The average speed cameras between Blackdog and Balmedie will finally be operational from Monday, July 25.
The contractor for the Aberdeen Western Peripheral Route/Balmedie to Tipperty (AWPR/B-T) project, Aberdeen Roads Limited, has installed the average speed cameras to enhance safety for construction workers and road users.
The cameras were initially installed on the A90 stretch of road back in April this year, however they have never been officially switched on.
Signs have been in place since the cameras’ arrival telling motorists that they were “not in use” meaning motorists have been exceeding the current 50mph limit.
The average speed cameras are expected to stay in place until the works are complete and the reduced temporary speed limit is removed from this section of the A90.
An AWPR/B-T project spokesperson said: “The average speed cameras on the A90 between Blackdog and Balmedie will be operational from Monday.
“The signs which read ‘cameras under test’ will be removed in advance.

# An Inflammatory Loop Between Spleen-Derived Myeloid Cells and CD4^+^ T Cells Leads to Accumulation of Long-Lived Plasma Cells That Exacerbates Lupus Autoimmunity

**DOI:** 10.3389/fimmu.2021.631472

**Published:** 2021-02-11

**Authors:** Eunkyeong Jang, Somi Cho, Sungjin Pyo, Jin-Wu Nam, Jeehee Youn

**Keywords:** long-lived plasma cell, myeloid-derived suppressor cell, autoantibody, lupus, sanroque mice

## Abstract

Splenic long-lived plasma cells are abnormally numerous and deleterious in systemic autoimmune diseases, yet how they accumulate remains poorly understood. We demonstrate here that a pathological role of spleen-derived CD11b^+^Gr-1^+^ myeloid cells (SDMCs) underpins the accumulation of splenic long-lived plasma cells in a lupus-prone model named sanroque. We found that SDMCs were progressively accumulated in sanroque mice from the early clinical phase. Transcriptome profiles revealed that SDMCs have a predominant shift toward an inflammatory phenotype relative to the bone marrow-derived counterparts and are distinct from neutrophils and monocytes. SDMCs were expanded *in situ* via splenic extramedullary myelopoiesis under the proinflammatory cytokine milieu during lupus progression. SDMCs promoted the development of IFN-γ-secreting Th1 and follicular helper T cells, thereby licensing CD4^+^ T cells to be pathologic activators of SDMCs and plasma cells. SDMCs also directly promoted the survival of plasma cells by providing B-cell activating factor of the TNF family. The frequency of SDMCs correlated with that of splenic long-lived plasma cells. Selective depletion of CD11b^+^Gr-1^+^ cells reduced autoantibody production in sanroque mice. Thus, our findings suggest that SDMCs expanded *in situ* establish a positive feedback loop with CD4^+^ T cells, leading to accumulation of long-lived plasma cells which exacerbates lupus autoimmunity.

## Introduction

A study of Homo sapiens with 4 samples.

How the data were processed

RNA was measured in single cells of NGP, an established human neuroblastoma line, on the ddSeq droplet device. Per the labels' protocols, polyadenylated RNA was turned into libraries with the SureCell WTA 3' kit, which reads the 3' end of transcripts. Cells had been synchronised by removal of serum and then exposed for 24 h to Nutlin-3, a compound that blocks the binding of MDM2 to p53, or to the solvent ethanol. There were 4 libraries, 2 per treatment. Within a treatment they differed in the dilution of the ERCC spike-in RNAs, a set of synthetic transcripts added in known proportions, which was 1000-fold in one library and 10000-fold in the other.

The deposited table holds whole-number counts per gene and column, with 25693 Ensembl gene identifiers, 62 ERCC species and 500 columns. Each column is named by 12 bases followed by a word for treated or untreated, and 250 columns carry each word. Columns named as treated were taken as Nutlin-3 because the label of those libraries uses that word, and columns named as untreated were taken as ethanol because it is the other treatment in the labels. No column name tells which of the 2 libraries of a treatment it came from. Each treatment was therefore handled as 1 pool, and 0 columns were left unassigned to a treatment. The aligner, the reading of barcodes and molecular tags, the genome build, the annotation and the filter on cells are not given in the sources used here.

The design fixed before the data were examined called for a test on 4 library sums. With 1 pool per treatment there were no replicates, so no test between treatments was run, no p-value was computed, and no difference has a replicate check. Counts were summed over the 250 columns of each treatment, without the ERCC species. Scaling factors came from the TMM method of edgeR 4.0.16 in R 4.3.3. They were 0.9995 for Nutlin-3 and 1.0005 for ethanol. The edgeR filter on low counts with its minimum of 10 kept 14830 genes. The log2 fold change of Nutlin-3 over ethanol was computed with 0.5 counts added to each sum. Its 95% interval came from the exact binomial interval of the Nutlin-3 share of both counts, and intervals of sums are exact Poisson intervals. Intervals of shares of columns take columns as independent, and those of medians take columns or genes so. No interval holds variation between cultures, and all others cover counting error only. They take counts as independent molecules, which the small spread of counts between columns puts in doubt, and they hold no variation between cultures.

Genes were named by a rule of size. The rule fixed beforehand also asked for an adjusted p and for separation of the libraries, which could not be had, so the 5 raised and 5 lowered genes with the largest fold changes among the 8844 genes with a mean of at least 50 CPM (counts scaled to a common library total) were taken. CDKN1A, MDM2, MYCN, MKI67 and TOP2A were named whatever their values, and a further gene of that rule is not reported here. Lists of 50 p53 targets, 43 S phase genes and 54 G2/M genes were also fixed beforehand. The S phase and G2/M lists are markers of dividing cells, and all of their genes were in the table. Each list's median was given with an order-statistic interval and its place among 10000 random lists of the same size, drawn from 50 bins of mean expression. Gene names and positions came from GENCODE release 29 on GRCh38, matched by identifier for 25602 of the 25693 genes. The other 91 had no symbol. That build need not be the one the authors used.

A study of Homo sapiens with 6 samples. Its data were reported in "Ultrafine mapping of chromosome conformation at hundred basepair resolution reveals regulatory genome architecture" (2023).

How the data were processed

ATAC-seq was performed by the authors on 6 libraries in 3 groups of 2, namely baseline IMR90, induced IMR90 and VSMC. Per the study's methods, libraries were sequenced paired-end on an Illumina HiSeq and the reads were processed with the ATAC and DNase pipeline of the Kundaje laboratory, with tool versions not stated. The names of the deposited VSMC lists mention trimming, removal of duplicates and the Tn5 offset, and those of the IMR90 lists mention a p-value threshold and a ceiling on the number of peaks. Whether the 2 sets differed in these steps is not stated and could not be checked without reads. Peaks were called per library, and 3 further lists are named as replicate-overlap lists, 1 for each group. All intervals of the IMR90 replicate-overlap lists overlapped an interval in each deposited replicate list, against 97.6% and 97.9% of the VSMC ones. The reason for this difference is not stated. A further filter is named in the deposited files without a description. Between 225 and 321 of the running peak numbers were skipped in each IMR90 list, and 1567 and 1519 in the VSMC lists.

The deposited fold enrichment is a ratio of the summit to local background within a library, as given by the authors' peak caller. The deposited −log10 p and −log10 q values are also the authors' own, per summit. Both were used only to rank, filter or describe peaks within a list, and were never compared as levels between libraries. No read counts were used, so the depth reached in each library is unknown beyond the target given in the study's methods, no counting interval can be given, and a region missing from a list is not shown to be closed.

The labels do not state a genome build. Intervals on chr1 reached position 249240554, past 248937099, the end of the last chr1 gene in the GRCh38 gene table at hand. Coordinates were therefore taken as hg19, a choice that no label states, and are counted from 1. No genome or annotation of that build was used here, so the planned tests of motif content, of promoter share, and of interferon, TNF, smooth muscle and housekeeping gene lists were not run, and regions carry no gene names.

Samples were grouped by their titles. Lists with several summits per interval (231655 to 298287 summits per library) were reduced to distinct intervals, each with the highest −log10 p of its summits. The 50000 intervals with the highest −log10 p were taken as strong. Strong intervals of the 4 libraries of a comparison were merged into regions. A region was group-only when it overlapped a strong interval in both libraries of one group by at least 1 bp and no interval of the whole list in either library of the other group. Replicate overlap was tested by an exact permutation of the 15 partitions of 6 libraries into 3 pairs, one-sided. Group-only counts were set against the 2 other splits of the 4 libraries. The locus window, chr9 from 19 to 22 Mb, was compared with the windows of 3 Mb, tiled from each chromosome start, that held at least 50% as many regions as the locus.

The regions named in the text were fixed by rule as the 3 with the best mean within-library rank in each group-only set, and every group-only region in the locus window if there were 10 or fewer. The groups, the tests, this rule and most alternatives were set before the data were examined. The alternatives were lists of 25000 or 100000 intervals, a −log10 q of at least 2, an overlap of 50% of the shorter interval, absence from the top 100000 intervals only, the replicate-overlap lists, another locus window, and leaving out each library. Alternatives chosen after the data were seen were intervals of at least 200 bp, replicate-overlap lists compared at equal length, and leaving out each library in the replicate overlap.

“There has been a significant increase in works across the project since the beginning of this year and a 50mph speed restriction was introduced to improve the safety of road workers and road users.
“When the average speed cameras become operational, the speed restriction will remain unchanged at 50mph – however, the cameras will help to ensure that this speed restriction is observed.
“In addition to the proven safety benefits of average speed cameras, their use in major road works schemes demonstrates their ability to improve traffic flow and journey time reliability.”
Aberdeen Roads Limited has been working closely with Transport Scotland, Aberdeenshire Council, Police Scotland and the North Safety Camera Unit over the use of average speed cameras in this area.
When complete, the AWPR/B-T will help to reduce congestion, cut journey times, improve safety and lower pollution in Aberdeen City Centre.
It will also enable local authorities to develop public transport solutions.
Over the next three decades, the AWPR/B-T is expected to bring in an additional £6 billion to the north-east economy and create around 14,000 new jobs.
Around 1,500 are currently working on the project, including on-the-job training for apprentices and local employment opportunities for long-term unemployed people.